The national presidential election has lately revolved around the notion of experience. What kinds of experience matter? Romney wants voters to believe that business experience is paramount. He touts his own resume; Romney has even proposed a constitutional amendment requiring at least three years of business experience before one can qualify for the ballot. Obama, meanwhile, has been trying to argue that Romney’s experience at an investment firm is completely unrelated to the kinds of economic decisions that must be made as president.
So does experience matter–in particular business experience?
History says no, although to be fair not many have had any experience in business at all. Here is the list of presidents since 1900 who had significant business experience:
Herbert Hoover was easily the most successful businessman to ever be elected president, having personally made a fortune growing a mining empire in Western Australia. During World War I, he became a world-renowned philanthropist for his work in providing food to refugees displaced by the fighting, and in negotiating treaties during the war to make sure that basic food could pass through the front lines and reach starving people. He brought all of that business and organization experience with him to the presidency, used it to oversee the start of the Great Depression, and has gone down as one of our worst presidents.
Warren G. Harding was a newsman by trade, and successfully built the Marion Daily Star into the dominant newspaper in Marion, Ohio, certainly displaying good business acumen. Harding died in office, before the numerous investigations against him led to what would have likely been his impeachment.
Harry Truman worked in a hat store in Kansas City for awhile, although without much success.
LBJ ran a radio station in Austin, Texas, although the station was really there to fuel his political ambitions, and he never put a lot of his own time or energy into managing it.
Richard Nixon was partner at a law firm during the mid 1960s, between his stints as Vice President and President. Don’t know if that would count as business experience or not.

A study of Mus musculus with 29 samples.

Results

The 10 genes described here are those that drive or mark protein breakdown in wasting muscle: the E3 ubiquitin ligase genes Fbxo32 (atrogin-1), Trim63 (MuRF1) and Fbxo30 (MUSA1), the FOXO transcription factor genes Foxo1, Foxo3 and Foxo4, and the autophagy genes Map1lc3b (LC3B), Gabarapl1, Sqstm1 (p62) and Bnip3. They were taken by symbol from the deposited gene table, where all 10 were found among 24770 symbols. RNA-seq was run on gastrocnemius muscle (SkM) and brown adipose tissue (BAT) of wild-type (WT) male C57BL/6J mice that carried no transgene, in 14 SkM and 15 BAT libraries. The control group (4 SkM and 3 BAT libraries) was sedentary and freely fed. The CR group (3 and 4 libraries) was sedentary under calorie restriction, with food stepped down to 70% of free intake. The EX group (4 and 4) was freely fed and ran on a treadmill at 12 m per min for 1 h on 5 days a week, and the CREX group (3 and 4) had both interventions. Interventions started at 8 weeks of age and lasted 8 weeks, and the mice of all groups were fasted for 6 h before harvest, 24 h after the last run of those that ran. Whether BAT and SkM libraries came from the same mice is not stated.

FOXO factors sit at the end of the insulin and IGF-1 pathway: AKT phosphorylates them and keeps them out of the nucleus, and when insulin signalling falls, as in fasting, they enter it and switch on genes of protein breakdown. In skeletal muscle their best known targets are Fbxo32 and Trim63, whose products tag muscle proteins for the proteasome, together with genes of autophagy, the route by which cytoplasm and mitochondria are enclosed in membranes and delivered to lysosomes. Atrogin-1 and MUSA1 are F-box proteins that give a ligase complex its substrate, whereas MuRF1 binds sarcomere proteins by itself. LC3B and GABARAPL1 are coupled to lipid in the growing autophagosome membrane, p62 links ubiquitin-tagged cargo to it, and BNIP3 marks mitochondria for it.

Jimmy Carter ran a farm, which clearly requires at least a modest amount of business acumen.
George H.W. Bush served as president of, and then founded, a succession of successful small Texas oil companies that were subsidiaries of a larger company on which his father served on the board. He’s clearly the second most successful business man on this list.
George W. Bush followed in his father’s footsteps in the oil business, although with much less success. His most successful business venture was when he was brought on as the front-man for a Texas Rangers ownership group which convinced the City of Arlington, Texas to build a new baseball stadium, thereby substantially increasing the value of the team before the ownership group sold it.
Eight presidents with business experience. The only ones to serve a full two terms were George W. Bush, who didn’t exactly leave office as a popular president, and Harry Truman. Only Truman could be considered to have had a truly successful presidency, although we might give LBJ partial credit for getting the most done (and being the most controversial) of perhaps any president ever. (Seriously: Welfare, Medicaid, Medicare, Civil Rights Act, The Vietnam War, and the modern US-Israeli relationship all date to his presidency.) Meanwhile, most of the lauded presidents of the last century (Teddy Roosevelt, FDR, Wilson, Reagan, Eisenhower) had no appreciable business experience at all. The two Roosevelts were lawyers who were interested in public service from the moment they entered law school, Wilson was a political scientist and an academic, Eisenhower was a general, and Reagan an actor and union leader. (Yes, the Screen Actor’s Guild is a union.)
So business experience doesn’t seem to matter–if anything, it seems to be a detriment. Although there are three caveats I should mention now, all of which I hope to address in future posts:
1) There are many different kinds of business experience, some of which many be more relevant than others.
2) Political experience isn’t a particularly good measure of success either.
3) Voters don’t seem to care about whether or not you’ve had business experience.